The Basics About Quinoa!

We all know what tumbleweeds are. Even if you don’t live in an area where tumbleweeds are prevalent, it’s no doubt that you have seen them on movies and tv shows. But not everyone knows what quinoa is. And yet quinoa is a cousin of the tumbleweed! It isn’t technically a grain, but it is commonly substituted  as a healthy alternative for grain in recipes. According to UN Observances, the United Nations have declared the year 2013 to be “International Year of Quinoa.”


  • Quinoa has a higher fat content than grains like wheat or rice. But all of the fat that it contains is healthy, so you shouldn’t ever feel bad for eating it. Some of the fat found in quinoa is omega-3, and some is monounsaturated. These healthy fats help to lower the LDLs (bad cholesterol) and increase HDLs (good cholesterol). So if for no other reason, eat quinoa for the heart healthy benefits!
  • Other benefits include a high antioxidant and fiber content, low calorie count, and anti-inflammatory properties.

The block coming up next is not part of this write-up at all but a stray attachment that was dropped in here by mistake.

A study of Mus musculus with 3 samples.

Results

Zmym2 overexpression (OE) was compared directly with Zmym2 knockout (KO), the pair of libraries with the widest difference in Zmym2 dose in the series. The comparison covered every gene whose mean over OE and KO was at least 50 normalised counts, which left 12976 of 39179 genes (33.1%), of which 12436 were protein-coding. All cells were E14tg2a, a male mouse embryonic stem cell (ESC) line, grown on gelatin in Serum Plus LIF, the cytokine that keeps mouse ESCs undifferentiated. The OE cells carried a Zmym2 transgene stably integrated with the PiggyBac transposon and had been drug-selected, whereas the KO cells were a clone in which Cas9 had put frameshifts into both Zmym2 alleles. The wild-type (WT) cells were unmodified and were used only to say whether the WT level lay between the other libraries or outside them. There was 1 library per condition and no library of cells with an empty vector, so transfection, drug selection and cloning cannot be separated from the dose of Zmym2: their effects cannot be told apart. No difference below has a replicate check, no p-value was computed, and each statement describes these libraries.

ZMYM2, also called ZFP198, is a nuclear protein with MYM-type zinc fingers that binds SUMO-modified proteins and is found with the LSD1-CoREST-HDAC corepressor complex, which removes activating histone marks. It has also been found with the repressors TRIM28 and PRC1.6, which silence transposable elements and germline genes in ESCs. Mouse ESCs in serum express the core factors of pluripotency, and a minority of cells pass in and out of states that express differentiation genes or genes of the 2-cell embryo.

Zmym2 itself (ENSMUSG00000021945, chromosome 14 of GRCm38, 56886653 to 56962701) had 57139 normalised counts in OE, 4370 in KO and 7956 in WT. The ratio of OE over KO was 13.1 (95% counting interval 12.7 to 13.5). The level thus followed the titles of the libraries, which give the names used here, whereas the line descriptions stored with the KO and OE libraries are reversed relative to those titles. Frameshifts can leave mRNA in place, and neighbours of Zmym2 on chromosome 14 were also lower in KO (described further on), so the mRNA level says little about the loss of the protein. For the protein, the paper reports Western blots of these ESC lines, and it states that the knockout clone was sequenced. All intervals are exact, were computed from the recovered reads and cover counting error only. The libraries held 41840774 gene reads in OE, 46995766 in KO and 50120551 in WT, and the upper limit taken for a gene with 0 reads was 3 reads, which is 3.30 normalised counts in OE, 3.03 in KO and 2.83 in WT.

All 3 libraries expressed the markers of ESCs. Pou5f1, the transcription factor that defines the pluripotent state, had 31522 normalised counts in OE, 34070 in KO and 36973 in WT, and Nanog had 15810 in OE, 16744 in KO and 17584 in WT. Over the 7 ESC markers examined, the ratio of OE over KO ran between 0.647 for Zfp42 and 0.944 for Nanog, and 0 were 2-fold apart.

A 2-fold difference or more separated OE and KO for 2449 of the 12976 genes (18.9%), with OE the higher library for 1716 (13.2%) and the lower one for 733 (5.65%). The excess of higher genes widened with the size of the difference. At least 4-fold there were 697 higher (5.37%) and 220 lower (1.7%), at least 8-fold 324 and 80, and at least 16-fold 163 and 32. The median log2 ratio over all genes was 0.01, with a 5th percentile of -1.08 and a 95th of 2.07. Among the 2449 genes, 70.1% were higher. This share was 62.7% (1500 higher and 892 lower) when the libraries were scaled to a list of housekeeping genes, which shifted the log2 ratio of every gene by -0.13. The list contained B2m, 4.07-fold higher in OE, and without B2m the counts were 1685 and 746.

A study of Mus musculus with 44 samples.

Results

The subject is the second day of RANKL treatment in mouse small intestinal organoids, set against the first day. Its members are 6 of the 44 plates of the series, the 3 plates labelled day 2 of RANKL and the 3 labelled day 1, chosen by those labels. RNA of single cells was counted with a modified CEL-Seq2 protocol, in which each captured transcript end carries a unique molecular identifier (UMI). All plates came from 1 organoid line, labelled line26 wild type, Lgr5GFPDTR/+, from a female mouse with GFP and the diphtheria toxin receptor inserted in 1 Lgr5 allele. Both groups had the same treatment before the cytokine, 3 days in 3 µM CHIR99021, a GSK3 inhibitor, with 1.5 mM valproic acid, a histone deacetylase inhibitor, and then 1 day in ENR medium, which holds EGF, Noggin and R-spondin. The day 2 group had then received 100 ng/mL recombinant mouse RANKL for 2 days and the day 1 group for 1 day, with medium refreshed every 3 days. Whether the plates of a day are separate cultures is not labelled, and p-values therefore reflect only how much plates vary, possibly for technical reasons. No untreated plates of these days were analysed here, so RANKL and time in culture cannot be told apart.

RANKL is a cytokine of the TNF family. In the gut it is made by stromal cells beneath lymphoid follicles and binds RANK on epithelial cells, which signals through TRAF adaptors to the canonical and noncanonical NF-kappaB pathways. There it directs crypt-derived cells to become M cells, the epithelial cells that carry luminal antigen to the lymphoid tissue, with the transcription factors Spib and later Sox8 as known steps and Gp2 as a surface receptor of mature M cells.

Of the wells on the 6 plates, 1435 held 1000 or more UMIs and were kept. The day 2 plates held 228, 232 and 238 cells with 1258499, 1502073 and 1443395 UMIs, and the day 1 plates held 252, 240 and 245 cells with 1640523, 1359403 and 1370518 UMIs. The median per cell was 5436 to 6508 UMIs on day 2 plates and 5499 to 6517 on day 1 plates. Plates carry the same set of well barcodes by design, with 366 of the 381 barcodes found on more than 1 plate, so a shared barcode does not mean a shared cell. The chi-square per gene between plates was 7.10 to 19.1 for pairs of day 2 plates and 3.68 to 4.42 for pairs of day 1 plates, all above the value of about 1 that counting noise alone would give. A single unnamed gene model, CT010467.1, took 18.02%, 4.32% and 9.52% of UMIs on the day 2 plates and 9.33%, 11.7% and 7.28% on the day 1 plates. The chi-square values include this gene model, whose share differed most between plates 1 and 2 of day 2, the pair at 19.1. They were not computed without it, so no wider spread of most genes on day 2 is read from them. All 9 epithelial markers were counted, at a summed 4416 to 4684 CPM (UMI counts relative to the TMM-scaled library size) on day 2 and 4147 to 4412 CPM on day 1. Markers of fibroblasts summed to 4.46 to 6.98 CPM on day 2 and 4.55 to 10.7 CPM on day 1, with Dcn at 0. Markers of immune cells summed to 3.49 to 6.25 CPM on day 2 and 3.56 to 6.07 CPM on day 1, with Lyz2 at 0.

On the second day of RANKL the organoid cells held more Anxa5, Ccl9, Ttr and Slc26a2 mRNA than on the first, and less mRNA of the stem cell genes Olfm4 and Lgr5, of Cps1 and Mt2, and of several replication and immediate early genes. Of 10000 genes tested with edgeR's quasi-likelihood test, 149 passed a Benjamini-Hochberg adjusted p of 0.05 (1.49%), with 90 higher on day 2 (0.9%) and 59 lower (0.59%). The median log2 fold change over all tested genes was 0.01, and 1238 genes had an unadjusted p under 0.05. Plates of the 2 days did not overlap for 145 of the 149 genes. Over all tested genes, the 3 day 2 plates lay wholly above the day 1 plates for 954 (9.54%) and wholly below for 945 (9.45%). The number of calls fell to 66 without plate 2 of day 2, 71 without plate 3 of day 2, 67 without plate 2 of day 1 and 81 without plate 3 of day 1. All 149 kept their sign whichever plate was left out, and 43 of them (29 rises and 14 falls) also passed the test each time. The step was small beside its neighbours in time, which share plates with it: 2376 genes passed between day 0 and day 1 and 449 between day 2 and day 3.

• Quinoa is also considered to be a complete source of protein. There isn’t another grain out there that possesses the same protein content and also the amino acids needed to digest the protein.

When quinoa grows, it has a bitter tasting saponin substance covering the seeds. This mild irritant is normally removed during processing, so most quinoa that you will buy at the store is ready to cook after just a light rinse! If the quinoa hasn’t been pre-rinsed, then it will require a several minute rinse in a strainer under running water. This will remove the saponin and ensure that your quinoa doesn’t have a bitter taste.

You can cook quinoa just like you would cook rice. Add 2 cups of water for every cup of grain. Bring the water to a boil and then reduce heat to low, cover, and simmer for 10-15 minutes. There are thousands of quinoa recipes out there, online. A good place to start would be with this extremely healthy quinoa and black bean recipe! so check some of them out and enjoy a new-found love for this versatile super-food!